Here’s why you should be wary of installing anything that sets SELinux to permissive
In the world of Android modding, people tend to regard root access as the cornerstone of all things. It allows users to take complete control of their devices and add features that aren’t always available in the stock configuration. But as they say — “with great power comes great responsibility” — it’s not wise to bypass Android’s security model unless you know what you’re getting into. For veteran Android enthusiasts on our forums, you are probably aware of the potential for backdoors to exist on your device, and you are more likely to be running a trusted root-enabled mod on top of the latest Android version with the latest security patches. Having said that, you might know a few people who don’t really care about what root tweaks they install so long as they seemingly work for them. This is why you can still find a truckload of mods that only work when SELinux is set to permissive, which, in turn, leave their users extremely susceptible to security threats.
What is SELinux
SELinux, or Security-Enhanced Linux, is a Linux kernel security module specifically designed for access and management of security policies. Originally introduced in Android 4.3 Jelly Bean and set to its Enforcing mode as default since Android 4.4 KitKat, SELinux helps enforce access control rights and attempts to prevent privilege escalation attacks. In a nutshell, SELinux acts as a hurdle for unauthorized control over your device, such as an app or vulnerability aiming to gain root access maliciously. Setting SELinux to “Enforcing” by default is one of the key ways that normal users are protected from such attacks.
Why Permissive SELinux is not recommended
To reiterate, the typical way to achieve root access on an Android device doesn’t necessarily need to change the SELinux status. Shifting SELinux mode from “Enforcing” to “Permissive” is intentionally disabling one of the key security features on the device, which is why the user has to explicitly allow it to happen by installing a specialized custom kernel or modifying the parameters of the existing boot image. A poorly coded mod lacking a proper SELinux policy usually forces end-users to shift to permissive SELinux and essentially expands the attack surface. That’s exactly what developer vvb2060 demonstrated when they published a proof of concept privilege escalation method where the only requirement to gain control is permissive SELinux.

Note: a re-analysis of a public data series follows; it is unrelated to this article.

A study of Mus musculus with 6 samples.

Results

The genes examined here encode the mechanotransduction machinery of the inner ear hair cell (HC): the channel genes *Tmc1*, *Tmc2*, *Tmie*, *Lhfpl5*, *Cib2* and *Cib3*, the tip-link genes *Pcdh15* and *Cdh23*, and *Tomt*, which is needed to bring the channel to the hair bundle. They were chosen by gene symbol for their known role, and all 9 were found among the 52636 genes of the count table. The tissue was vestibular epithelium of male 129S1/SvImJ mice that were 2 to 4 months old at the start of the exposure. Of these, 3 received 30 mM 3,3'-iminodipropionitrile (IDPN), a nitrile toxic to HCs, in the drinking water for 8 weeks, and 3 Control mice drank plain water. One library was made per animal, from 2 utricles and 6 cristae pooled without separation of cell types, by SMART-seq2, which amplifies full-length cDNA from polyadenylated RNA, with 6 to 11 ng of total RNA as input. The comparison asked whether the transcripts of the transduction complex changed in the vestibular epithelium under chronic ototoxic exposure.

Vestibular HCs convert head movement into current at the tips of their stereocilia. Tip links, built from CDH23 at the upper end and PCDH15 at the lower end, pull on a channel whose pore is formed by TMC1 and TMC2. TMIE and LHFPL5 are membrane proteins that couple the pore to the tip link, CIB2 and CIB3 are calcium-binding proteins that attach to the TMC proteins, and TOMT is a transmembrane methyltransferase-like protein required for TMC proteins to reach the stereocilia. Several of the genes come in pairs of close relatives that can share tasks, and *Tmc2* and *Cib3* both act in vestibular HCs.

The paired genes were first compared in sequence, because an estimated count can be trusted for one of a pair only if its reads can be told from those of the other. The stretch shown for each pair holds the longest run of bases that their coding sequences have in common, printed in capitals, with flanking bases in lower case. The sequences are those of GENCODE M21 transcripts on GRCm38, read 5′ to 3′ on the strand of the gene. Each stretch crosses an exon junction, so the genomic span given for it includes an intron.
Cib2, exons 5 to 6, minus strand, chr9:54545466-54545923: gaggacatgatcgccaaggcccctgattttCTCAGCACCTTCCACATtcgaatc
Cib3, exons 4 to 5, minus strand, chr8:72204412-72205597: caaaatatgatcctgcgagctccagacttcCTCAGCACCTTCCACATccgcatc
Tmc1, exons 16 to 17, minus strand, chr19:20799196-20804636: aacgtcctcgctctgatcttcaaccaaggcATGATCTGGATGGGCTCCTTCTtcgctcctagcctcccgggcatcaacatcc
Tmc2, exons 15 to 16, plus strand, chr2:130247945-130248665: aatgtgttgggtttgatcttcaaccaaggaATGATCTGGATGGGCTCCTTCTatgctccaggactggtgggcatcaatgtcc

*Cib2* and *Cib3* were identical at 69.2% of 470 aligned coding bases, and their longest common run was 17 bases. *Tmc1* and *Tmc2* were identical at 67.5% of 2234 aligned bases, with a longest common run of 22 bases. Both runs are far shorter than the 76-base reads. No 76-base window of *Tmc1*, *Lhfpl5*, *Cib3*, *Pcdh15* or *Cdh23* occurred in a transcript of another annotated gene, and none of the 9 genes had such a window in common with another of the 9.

For a user to get full root access on their own device running Android 10 (or higher) with SELinux set to permissive is shockingly easy to do: All you have to do is press install, and “Magica” will automatically gain root access in a service and install Magisk to the boot image. This is something far wider in scope than just tweaking your device. According to XDA Senior Recognized Developer and Magisk maintainer topjohnwu, any arbitrary app, including malware, can permanently root your device without your consent and permission by utilizing the PoC.
Imagine this scenario: you are using a custom kernel that ships with SELinux permissive. You accidentally install a malware using this loophole. The malware installs a modified "malicious Magisk" to permanently gain full root access. BOOM, your device is now #pwned.
— John Wu (@topjohnwu) February 9, 2021
If you’re wondering on a technical level what Magica is exploiting, topjohnwu explained the following in a Reddit post:
“When SELinux is permissive during boot, zygote will know this and disable seccomp syscall filters. This basically unrestricts what system calls are allowed in 3rd party processes.
On Android 10+, there is a new “undocumented” feature called “App Zygote” where 3rd party apps are allowed to spawn its own Zygote for “Isolated Services” (also nearly undocumented). Both “App Zygote” and “Isolated Services” are special features designed for Chrome/Webview*. App Zygote processes run with special permissions, and with seccomp disabled, it can call setuid 0 and escalate its privilege and gain root access.
It is still somehow restrictive compared to what normal root solutions provide (e.g. Magisk), however tons of security measures in Android will be completely defeated when UID=0. For example, it is enough to be used to patch boot images, which means it can be used to inject malware such as modified Magisk to help it gain “real” root permissions.
Update: what can UID=0 itself do? Within Android’s framework, almost all services have a blind green light when the requesting process’s UID is 0. This means this root process is capable of manipulating tons of stuff using Android specific APIs (e.g. ActivityManager)”
*According to developer aviraxp, these two features are more generally designed “for sharing resources and memory between multiple isolated processes.”
Considering the irreparable harm that can be inflicted on users targeted by malware on a permissive SELinux environment, we strongly suggest everyone keep it on enforcing unless absolutely necessary. While we are just lucky to have a proof of concept exploit, we have no idea how many malware authors already know about this path of attack. After all, a victim will continue to remain oblivious to the compromised state of their device if they did not witness the exploit being actively used, which is not difficult to achieve for a rogue app that has persistent root access.